Poet's Pick April 22
Thomas Hardy: "Neutral Tones"
Selected by Brian Culhane
National Poetry Month 2014

Letter from the Editors


"Neutral Tones"
by Thomas Hardy (1840-1928)

We stood by a pond that winter day,
And the sun was white, as though chidden of God,
And a few leaves lay on the starving sod;
         – They had fallen from an ash, and were gray.

Your eyes on me were as eyes that rove
Over tedious riddles of years ago;
And some words played between us to and fro
         On which lost the more by our love.

The smile on your mouth was the deadest thing
Alive enough to have strength to die;
And a grin of bitterness swept thereby
         Like an ominous bird a-wing….

Since then, keen lessons that love deceives,
And wrings with wrong, have shaped to me
Your face, and the God curst sun, and a tree,
         And a pond edged with grayish leaves.

 

* Brian Culhane Comments:

When asked to comment on a poem of my choosing, I was baffled by an excess of choices and began ruminating on the many poets I’ve written about and studied and taught. How was I to choose one poet, let alone a single poem? 

But then I thought of the boy I was before I’d discovered the wide world of poetry; or, put it this way, that boy who had yet to understand how such things as poems (memorialized in gilt-edged volumes, like the leather tome his mother had presented him with on his seventeenth birthday)—poems written by people far distant from himself in every way possible—how these could apply to his own particular situation, his own petty, frustrating, disorderly and bitter teenage life. 

I see him standing in the snow of Central Park’s Great Lawn, a thin book of Hardy’s Selected in his pocket. He is facing, too serious to be shy about overt melodrama, a snow-covered pond. He has just read “Neutral Tones,” which happened to be the first poem in the collection, and he realized, with something of a shock, that this fellow Hardy, whoever he was, actually had written something of immediate worth. Hardy had spoken to him, his plight, his heart, his despair. The crusted snow he was now looking at held some dead branches, broken off by some winter wind. The sun above was white, very white. He was not sure what “chidden of God” meant, but that did not stop him from assuming it meant something ominous and appropriate to his desperate condition. Sod. Sod! Perfect. The rhyme rubbed the dirt into his skin. And ash! Ash was perfect too, for he was smoking a cigarette at this very moment and its ashes were absolutely a symbol of his once burning passion. Everything was cold, grey, cursed. (This denizen of Manhattan was not a student of trees, and only much later would he think of putting leaf and tall ash together.)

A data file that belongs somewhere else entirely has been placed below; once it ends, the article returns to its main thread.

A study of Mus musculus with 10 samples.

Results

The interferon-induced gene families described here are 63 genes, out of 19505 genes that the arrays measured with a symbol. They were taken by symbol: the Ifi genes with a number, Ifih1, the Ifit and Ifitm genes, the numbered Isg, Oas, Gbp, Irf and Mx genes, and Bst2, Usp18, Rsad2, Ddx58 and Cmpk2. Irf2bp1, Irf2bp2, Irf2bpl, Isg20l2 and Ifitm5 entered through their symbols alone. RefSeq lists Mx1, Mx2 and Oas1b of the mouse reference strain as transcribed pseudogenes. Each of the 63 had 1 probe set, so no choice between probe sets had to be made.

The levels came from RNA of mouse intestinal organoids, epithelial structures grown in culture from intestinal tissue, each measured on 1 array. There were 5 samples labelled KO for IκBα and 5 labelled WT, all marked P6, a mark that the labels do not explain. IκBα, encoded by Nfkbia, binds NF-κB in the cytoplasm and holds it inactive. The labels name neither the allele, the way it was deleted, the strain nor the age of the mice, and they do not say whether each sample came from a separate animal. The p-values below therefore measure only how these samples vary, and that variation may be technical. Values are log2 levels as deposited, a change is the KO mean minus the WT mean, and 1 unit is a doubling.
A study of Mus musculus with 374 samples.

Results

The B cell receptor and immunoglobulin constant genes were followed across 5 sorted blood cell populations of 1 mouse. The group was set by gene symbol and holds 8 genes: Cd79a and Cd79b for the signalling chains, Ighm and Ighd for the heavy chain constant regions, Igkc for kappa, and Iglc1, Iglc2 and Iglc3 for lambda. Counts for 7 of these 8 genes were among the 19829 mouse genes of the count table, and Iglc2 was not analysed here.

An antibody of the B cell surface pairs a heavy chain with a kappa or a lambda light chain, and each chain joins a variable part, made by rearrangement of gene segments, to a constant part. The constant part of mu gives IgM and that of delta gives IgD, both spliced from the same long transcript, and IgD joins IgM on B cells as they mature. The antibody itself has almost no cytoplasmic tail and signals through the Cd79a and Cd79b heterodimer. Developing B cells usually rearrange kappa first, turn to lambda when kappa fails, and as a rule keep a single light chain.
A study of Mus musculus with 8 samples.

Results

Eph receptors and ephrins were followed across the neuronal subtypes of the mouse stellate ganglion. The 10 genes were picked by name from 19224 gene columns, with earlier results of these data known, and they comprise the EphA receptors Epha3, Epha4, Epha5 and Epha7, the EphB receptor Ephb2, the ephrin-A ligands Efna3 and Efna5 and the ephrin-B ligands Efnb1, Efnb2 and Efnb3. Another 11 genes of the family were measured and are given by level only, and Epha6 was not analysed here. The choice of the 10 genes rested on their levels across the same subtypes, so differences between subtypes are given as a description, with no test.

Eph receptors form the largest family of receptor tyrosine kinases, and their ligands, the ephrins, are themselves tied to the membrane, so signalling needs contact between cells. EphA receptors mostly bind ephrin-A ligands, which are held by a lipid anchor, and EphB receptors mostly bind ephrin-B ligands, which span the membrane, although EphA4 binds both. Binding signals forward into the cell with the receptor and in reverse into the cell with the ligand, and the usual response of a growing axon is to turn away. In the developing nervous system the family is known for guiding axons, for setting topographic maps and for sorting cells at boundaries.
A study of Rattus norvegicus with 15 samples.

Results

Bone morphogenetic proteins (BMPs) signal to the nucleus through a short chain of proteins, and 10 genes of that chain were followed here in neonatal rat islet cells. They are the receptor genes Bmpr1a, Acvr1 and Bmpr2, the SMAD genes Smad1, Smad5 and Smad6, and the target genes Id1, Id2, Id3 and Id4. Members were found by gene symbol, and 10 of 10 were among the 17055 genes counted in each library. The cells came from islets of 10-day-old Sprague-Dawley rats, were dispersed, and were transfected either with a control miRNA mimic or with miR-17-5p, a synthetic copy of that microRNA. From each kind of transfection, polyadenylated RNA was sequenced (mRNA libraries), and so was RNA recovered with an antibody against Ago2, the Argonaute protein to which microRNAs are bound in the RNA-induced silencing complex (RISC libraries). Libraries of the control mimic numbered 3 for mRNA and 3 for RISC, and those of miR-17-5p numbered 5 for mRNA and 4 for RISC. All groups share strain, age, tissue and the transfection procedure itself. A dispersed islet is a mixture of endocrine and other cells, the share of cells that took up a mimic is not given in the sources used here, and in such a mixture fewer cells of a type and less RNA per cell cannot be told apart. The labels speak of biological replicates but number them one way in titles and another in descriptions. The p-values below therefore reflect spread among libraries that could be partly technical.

But if the beautiful bleakness of Hardy’s scene appealed to him in these first intensely self-dramatized moments, on repeated readings, his imagination became even more stirred by the lack of dramatic color in the stanzas that followed. “Some words played between us to and fro”—what banality! He thought: This is indeed how a love ends, with recriminations, “tedious riddles,” all those belabored etceteras that “lost the more by our love.” 

The boy is pacing now, the pages flipping in the chill afternoon breeze. He finds he’s memorized the poem’s darkest nadir:

The smile on your mouth was the deadest thing
Alive enough to have strength to die;

It was not a cruel smile, then; just a “thing” with one more spasm of life left. Perfect. 

Except that the memory of past tenderness pulls the mouth into a rictus of bitterness.

Except that all he has left to relive is a memory of their last meeting together, a scene bereft of any color more vivid than ash. Perhaps “neutral tones” refers to the neutrality of the two voices that no longer have the wish to prolong an argument; perhaps to the shade of neutral grey light thrown down by the “God curst sun.”  

Either fit. As did the whole tone of the poem itself, a tone of voice I would later come to associate with Hardy, the poet of “unhope,” the first poet who spoke to me, spoke to me directly.

In my coat pocket all that winter, Hardy’s book would be my companion, to be pulled out to pass the time in dimly lit subway stations or all-night coffee shops along Broadway. In its brooding astringency, “Neutral Tones” allowed its neophyte reader to put grief behind me. At nineteen, I also knew I’d found another love. 


About Brian Culhane:
Brian Culhane has been featured in Parnassus: Poetry in Review, Slate, Literary Imagination, Salamander, Memorius, Southwest Review, Sewanee Review, PN Review, and Plume. His first book, The King's Question (Graywolf), won the Poetry Foundation's Emily Dickinson Award. He teaches at an independent school in Seattle.